I really enjoy listening to LinkedIn’s podcast, Hello Monday. Recently I caught an episode called “The Great Resignation” (June 20th, 2021), which explored the current phenomenon of American workers resigning from their jobs in droves. Professor Anthony Klotz from Texas A&M University studies resignation, and he coined the term “The Great Resignation” based on studies that show more than 40% of Americans are considering leaving their jobs as we emerge from the Pandemic.
The episode explored how, during the Pandemic shutdowns, we were forced to live in the present moment. We had to navigate remote school, childcare issues, making decisions about whether or not to go to the grocery store, etc. During that period of time, resignations declined, as people were concerned about the future and their income.
Now, we finally find ourselves in a position to be looking toward the future, and we’ve discovered that the rules are changing.
I’d like to take a moment to acknowledge that The Great Resignation phenomenon that I’m talking about is something that mostly affects people who enjoy inherent privilege. There are many people who abhor their jobs but cannot leave or are unwilling to leave for one reason or another. For those who do find themselves in a position to choose, let’s take a look at how The Great Resignation could affect you (and how you can take advantage of it!)
It’s All Up for Grabs
In the past, if someone wanted a job, they could go to a job fair and have a pretty clear understanding of the day-to-day structure of different roles. Accountants mostly sit behind desks, while plumbers are out and about, while customer service reps are interacting with people from nine to five.
But these days, it’s all up for grabs. A role that may have once required a worker to be in the office Monday through Friday might now offer a hybrid structure, with Mondays and Fridays at home and Tuesday through Thursday in the office. There aren’t consistent guidelines, as work from home opportunities often vary based on manager preference or company culture.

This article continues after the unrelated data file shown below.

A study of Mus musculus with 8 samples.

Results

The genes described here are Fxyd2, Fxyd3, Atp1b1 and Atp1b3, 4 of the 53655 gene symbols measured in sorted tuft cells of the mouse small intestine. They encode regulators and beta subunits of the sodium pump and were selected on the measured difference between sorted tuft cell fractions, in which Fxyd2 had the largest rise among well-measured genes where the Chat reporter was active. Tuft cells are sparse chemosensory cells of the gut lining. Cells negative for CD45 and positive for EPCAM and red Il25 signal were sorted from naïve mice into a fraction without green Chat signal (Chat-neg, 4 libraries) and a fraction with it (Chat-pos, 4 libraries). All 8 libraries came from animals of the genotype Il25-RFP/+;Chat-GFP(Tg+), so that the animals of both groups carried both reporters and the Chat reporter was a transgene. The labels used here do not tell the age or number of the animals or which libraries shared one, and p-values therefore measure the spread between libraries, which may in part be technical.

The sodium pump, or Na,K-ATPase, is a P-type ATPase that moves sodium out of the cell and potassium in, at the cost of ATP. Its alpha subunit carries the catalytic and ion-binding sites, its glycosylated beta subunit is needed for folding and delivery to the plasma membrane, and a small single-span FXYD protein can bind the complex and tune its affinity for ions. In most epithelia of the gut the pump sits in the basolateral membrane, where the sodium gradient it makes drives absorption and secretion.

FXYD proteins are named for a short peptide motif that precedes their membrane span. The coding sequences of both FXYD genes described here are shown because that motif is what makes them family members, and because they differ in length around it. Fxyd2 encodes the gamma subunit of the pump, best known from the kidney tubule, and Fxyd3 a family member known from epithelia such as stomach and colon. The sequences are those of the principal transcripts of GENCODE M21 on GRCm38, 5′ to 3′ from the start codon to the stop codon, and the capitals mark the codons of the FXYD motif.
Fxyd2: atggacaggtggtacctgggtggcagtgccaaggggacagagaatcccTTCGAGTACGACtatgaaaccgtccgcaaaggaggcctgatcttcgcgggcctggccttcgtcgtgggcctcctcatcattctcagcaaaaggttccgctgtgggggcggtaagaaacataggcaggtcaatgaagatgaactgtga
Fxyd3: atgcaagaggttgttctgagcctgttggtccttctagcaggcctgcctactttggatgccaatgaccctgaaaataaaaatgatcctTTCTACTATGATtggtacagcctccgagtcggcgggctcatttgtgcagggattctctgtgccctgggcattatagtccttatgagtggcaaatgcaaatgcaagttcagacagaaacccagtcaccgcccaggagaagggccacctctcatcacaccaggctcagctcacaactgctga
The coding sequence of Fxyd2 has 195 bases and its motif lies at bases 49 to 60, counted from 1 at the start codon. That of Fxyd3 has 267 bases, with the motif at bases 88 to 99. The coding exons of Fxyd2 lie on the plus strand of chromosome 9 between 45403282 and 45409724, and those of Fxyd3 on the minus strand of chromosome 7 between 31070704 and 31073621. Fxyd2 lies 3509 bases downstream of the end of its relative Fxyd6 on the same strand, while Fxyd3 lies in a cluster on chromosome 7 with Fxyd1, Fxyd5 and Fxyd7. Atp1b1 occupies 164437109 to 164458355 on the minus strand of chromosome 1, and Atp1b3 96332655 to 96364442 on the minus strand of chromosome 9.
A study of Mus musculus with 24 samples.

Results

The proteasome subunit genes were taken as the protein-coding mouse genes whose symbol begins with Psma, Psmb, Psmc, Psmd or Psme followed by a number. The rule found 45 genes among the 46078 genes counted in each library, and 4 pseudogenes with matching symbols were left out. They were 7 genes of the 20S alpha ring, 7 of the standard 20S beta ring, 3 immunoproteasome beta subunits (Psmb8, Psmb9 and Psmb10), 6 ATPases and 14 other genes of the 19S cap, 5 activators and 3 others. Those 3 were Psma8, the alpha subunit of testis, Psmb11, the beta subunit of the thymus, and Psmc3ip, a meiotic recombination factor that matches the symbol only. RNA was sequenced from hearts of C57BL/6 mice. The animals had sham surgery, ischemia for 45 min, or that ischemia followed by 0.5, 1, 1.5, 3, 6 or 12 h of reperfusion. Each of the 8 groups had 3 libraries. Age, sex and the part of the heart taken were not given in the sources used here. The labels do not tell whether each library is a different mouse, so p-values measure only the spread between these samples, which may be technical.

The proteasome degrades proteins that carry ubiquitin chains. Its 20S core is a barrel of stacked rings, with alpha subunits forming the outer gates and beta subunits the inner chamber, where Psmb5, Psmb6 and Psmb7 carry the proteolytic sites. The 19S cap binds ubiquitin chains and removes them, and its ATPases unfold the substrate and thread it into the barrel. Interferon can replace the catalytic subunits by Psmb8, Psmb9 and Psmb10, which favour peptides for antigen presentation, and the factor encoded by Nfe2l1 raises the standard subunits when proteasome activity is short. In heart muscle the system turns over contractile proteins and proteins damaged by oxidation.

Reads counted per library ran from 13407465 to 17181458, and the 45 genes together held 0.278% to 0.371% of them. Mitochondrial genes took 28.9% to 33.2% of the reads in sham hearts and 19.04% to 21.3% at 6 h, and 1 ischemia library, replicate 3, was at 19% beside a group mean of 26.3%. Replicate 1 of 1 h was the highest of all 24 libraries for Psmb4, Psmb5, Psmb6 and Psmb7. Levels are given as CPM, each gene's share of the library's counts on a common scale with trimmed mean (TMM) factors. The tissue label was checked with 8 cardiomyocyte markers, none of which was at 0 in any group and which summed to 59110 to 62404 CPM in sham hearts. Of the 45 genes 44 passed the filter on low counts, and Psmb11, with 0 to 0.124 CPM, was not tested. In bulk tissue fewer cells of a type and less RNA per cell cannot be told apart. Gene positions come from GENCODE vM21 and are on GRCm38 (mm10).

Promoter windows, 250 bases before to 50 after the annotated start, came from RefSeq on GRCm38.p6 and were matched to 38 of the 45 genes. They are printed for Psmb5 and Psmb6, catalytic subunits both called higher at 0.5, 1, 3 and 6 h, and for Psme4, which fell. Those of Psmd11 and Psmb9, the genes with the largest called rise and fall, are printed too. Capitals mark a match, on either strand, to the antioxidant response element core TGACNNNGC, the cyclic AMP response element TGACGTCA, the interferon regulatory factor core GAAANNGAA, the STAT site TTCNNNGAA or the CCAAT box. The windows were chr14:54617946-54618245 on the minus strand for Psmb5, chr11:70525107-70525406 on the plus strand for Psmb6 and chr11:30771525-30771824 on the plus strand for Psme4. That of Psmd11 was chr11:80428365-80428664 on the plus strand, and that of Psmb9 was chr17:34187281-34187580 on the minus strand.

The lack of structure is confusing for people and organizations. Eventually, we’ll settle down with some kind of new structure as we define the “new normal”, but for now, everything is negotiable.
“I’m Just Done.”
Jessie Hempel, the host of the Hello Monday podcast, reported that she received over 100 messages from listeners when she asked people to share their stories about The Great Resignation. Guess what? All of them were from women, and all of them were variations on the theme, “I’m just done.”
One woman who was in charge of the employee experience at Nike for over a decade was in for a big surprise when she started working from home. She thought she loved her job, but when the people were all gone, she discovered that she hated the work she was doing. She had convinced herself that she loved the job because she fed off the energy of the other people. She quit her job before finding another position… even though she’s the breadwinner and is married with kids. She just couldn’t go back.
Being forced to work from home for so long really helped people re-evaluate what they want in their lives and what they want from work. Clearly, there are a lot of people who feel out of alignment with their values, their passions, and what the workplace is offering them. This has become a big reason why we’re seeing so many people resign from their jobs all at once.
Pause Before You Leap
I notice this trend among my clients, colleagues, and friends. Turnover is high. Companies cannot find enough workers. People are quitting without having another job. Airlines are canceling flights due to staff shortages. Hotels have no housekeepers. People are starting businesses like flies. Organizations that used to require you to relocate for a job are no longer requiring this because remote work is so common now.
Yes, things are changing very quickly! But before you make a big leap, take a pause. Before jumping headlong into a big change, ask yourself: What do I really want?
- If you’re working a full-time job but you’d rather work 20-30 hours a week, ask for it rather than assuming your organization cannot accommodate your request. Maybe there’s somebody else who wants to go full-time or is willing to do a job share.
- If you want more time off to spend with family, don’t assume that your company won’t accommodate that; perhaps they will in the form of more PTO or unpaid time off.
- If you want a bigger role with more responsibility and more pay, ask for it! One person I know is having great success managing a team remotely and is loving it. With so many positions opening up, the perfect position might be waiting for you at your company if you’re willing to ask for it.
Remember, the rules are changing! Organizations are being forced to reflect on how they will retain employees going forward. They are more likely now than ever to be open to your request. It’s an employee’s market, so if you’re in the mood for a change, this is the perfect time to start asking for what you want.